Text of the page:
Here’s to 100 years of rich State Am history
This week, Mississippi’s top amateur golfers will converge at Country Club of Jackson to compete
for the State Amateur Championship, the 100th in the event’s history.
That’s a lot of history. Today, hopefully we will learn some.
At times our State Am has seemed like the Queen City Open. Meridian golfers have won a whopping 25 of the previous 99. That’s far more than golfers from any other town … in fact, that’s 11 more times than golfers from Jackson.
Meridian native Mike Taylor won it 10 times himself. In fact, that’s his nickname: Ten-time, as in Mike “Ten-time” Taylor. If Taylor, a Mississippi Sports Hall of Famer, were from Jackson, Jacksonians would have won 24 State Ams and Meridian only 15. In fact, Taylor long since has moved to Jackson and the Country Club of Jackson (CCJ). But that doesn’t change the fact he is from Meridian, learned his golf at Northwood Country Club and lived in Meridian when he won those 10 championships. No telling how many he would have won had he not moved away to North Carolina for a while and if had not developed back issues in recent years.
And here’s a bit of history young folks may not know: Taylor, 68, is the only champion to have won the tournament both when it was a match play and now that it is a stroke play. “Ten-time” won it five times before it switched to medal play in 1972. He won it that year and then four more times since.
No, Taylor will not play this week. He is recovering from neck surgery. He will hit a ceremonial first drive Thursday morning. I’m betting it goes straight down the middle – with a little draw – and long.
The first State Am was played at what was then called the Jackson Country Club – later Shady Oaks – in 1915. A Mr. W.E. Ware won it.
More history: The winner’s trophy is called the Spec Wilson Trophy, named for Laurel’s Spec Wilson, a self-taught golfer and putting wizard, who won the State Am four times and also won three State Opens. Wilson died in 1967, the year he was inducted into the Mississippi Sports Hall of Fame. The State Am winner’s trophy had its name from then on.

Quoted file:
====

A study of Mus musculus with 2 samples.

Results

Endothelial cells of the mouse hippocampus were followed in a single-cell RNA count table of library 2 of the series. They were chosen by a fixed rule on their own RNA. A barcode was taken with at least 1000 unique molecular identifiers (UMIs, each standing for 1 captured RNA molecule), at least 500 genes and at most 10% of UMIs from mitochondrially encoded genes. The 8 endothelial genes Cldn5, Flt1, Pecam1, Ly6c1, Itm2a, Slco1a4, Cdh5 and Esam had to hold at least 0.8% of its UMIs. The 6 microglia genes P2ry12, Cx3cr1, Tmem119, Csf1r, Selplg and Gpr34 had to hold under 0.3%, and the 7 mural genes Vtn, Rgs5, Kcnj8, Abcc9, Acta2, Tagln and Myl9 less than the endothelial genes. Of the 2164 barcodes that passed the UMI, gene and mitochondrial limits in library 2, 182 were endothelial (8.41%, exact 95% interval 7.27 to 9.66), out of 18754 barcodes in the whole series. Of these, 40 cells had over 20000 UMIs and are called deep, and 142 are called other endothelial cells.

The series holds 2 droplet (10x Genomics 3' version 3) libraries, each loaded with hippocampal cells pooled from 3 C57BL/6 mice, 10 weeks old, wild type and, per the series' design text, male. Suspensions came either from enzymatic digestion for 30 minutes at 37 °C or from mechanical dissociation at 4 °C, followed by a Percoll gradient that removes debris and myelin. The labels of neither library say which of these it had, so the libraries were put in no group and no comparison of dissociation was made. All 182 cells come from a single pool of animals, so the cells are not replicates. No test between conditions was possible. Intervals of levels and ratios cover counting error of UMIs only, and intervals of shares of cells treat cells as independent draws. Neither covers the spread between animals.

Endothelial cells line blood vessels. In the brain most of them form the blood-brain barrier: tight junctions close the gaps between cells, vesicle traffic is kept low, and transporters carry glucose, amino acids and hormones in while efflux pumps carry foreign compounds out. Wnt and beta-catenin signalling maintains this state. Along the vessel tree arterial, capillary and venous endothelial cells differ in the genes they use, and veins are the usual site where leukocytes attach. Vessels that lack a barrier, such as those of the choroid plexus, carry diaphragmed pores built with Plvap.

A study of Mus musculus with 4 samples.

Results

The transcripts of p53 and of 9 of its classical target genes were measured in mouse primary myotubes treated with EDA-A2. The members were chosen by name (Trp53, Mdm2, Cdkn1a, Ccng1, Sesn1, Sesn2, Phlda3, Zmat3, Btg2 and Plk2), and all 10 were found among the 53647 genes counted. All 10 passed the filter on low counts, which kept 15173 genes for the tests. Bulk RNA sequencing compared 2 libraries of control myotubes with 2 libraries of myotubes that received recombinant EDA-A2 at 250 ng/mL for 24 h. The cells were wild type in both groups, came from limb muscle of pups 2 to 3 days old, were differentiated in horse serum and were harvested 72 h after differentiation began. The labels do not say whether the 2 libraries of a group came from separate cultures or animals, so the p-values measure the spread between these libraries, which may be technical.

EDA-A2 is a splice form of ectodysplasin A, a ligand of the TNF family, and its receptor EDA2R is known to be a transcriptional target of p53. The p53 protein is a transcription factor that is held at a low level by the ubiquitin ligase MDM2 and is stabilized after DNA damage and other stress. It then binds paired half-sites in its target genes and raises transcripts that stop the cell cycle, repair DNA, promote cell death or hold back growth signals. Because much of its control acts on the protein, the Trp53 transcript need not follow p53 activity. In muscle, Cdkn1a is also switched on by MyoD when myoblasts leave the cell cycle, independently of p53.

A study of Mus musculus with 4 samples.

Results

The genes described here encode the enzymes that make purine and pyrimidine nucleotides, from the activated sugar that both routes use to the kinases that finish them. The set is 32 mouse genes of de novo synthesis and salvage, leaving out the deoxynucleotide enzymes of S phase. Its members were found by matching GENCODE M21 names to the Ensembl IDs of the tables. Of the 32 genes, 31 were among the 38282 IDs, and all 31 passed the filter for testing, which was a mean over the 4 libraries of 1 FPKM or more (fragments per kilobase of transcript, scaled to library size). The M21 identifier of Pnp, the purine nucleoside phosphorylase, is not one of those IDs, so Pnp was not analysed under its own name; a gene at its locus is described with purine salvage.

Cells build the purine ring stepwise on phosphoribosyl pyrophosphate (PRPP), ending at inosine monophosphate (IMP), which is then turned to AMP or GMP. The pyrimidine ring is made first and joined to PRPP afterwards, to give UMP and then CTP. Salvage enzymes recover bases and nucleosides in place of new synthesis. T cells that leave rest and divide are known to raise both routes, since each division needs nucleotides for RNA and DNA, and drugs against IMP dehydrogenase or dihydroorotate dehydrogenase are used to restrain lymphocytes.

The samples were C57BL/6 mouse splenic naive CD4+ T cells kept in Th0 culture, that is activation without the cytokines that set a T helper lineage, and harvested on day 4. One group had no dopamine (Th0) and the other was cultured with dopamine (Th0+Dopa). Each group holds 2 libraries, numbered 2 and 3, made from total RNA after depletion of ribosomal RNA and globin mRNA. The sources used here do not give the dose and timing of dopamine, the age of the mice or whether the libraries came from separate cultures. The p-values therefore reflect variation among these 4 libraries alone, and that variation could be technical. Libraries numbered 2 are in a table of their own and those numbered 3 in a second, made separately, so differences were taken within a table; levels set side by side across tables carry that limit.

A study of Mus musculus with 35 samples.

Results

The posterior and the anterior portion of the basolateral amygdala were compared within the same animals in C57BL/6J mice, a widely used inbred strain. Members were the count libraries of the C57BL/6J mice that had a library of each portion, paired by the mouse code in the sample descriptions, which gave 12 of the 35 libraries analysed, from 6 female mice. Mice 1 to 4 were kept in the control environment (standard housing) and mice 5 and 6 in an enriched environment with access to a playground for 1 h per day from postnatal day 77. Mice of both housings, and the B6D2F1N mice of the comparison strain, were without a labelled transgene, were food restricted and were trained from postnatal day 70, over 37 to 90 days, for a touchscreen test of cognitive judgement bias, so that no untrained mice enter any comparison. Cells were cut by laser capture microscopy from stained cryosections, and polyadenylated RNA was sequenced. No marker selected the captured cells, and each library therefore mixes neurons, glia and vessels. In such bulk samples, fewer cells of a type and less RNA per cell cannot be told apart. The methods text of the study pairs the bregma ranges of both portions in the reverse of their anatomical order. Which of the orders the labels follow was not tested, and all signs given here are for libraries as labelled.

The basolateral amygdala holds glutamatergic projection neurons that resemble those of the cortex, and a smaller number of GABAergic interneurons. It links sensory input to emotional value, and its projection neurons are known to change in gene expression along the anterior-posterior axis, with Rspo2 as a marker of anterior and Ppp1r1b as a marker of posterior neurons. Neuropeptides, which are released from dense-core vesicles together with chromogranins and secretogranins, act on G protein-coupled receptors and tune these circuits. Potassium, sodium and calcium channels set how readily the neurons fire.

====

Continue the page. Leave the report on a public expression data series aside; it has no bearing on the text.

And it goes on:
Meridian’s H.G. Weddington, Mississippi’s oldest living Mississippi Sports Hall of Famer, won the State Am three times. Perhaps more impressively, he played in 56, more than 40 in a row, including his first in 1936. He won it for the first time in 1939, before serving in World War II. Last month, Hunter George Weddington, Mississippi golf’s elder statesman, turned 98.
The Spec Wilson Trophy isn’t the only trophy at stake this week. There’s also the Mike Magee Trophy, and there’s a story there. In the 1987 State Am at the storied Hattiesburg Country Club, Mike Magee of Gulfport shot a first-round 10-under par 61, the lowest round ever shot in the State Am. Magee was killed in an automobile accident two months later, but he lives on through the Mike Magee Memorial Trophy, which goes to the State Am’s first-round medalist each year.
Meridian’s Gene Vinson and Jackson’s Rett Crowder are tied for second behind Ten-time Taylor with six State Am victories apiece. Crowder surely played some the greatest amateur golf Mississippi has ever seen when he lapped the field in winning the 2000 State Am at CCJ with a four-round total of 13-under par.
Mississippi State golf coach Clay Homan, one of the favorites this week, has won the tournament four times. Homan and other veterans face a strong challenge from what surely seems the most talented group of junior golfers in the history of Mississippi golf. Eighteen-year-old Davis Riley of Hattiesburg is playing in another tournament (yeah, that one, the U.S. Open) this week, but 16-year-old CCJ Club Champion Wilson Furr – whom Ten-time Taylor calls “the best junior golfer I’ve ever seen, period” – will compete in the Centennial State Amateur. Furr won the CCJ championship last year at 15, shooting 7-under par for 54 holes. A similar performance over 72 holes would be Rett Crowder-like and difficult to beat.
State Am Champions who are in the MSHOF: Mike Taylor, H.G. Weddington, Joe Iupe, Jr., Mickey Bellande, Eddie Merrins, Spec Wilson.